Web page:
Park Slope.
Photo by Susan De Vries

Brooklyn rents were cheaper than they’ve been in a decade, according to a Friday analysis of the first three months of 2021 by the real estate site StreetEasy.

During the year’s first quarter, median asking rent in the borough was $2,390, the lowest it’s been since 2011, according to the April 23 report.

Prices dropped 10 percent compared to the same period in 2020 — the largest annual decline ever recorded in the borough — and more than one-in-four rental units were offering at least one month free rent, a jump up from 15.2 percent of listings offering a deal like that last year.

The real estate gurus attribute this to the wealth of available apartments as many units remain unoccupied after city-dwellers left Gotham during the pandemic.

The number of available rentals citywide during the first quarter of 2021 was still more than double what it was during that time last year. 

Brooklynites looking for a good deal needn’t rush, according to an economist for the site, who said the market will likely take some time to come back to pre-pandemic levels.

“It will take time for prices to rebound. But the rentals market does react to economic activity much more quickly than the sales market,” said Nancy Wu. “As the city continues to recover, competition will slowly start to pick up.”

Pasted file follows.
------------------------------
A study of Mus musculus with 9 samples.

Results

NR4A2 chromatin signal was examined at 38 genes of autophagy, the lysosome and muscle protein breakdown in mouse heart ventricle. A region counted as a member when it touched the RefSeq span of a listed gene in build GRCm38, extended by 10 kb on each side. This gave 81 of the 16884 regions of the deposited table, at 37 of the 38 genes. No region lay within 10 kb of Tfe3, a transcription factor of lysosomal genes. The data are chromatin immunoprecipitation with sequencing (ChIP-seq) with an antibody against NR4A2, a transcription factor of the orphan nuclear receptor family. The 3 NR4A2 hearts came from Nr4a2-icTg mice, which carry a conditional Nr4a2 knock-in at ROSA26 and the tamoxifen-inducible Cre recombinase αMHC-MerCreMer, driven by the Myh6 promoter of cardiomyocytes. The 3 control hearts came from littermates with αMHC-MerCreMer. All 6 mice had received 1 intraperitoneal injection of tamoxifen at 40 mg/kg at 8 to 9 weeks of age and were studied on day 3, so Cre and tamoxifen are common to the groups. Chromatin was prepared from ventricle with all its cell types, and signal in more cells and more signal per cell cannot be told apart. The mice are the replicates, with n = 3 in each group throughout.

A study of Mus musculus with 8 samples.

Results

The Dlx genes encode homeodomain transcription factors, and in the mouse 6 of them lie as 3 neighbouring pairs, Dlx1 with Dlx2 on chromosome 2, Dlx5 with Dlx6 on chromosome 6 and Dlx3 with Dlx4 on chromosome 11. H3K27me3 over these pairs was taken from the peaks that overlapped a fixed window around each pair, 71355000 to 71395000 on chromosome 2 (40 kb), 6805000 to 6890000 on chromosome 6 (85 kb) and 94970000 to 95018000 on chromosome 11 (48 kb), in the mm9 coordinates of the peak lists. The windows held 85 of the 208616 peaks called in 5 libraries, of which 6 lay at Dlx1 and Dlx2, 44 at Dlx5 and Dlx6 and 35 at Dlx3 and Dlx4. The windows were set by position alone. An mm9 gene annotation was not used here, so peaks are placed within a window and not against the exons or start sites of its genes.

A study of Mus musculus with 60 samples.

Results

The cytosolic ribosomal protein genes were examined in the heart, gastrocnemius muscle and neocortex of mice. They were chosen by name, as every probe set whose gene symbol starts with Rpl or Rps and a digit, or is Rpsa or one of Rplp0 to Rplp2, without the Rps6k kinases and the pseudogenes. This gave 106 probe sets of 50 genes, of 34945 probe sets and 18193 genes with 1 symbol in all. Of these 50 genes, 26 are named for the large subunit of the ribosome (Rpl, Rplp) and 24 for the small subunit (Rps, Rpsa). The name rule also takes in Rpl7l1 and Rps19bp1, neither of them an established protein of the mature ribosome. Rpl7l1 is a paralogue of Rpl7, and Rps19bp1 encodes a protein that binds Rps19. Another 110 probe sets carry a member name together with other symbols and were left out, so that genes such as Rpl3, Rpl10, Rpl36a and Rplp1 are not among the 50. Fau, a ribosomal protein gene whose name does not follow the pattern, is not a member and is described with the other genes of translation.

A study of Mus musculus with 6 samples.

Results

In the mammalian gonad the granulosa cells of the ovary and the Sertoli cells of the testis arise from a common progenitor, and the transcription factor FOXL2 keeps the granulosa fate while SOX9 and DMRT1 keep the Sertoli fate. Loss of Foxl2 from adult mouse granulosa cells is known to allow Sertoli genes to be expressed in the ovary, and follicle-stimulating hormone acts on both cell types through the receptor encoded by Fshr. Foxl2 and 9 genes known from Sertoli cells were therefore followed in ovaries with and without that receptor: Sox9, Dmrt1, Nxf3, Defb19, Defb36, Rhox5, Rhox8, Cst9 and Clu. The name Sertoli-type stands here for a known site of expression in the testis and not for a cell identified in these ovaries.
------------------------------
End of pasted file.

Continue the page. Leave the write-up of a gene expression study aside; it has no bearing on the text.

Meanwhile, Brooklyn’s sales market has been on the up during the first three months of the year, according to a separate report published by the real estate firm Douglas Elliman, which showed home sales and prices rising in the borough during that time.

The borough set a new record average sale price of $1,114,193 during the first quarter, an almost 10 percent increase from the same time last year, according to that report.

Kings County also experienced the highest number of first-quarter transactions in 14 years in 2021, with 2,822 sales, an almost 12 percent bump from the same time last year.

Condos in particular sold well with a 34 percent increase of units hawked compared to the same time last year, while co-op sales increased by 16 percent. One- to three-family home sales declined slightly by 2.2 percent from the beginning of 2020.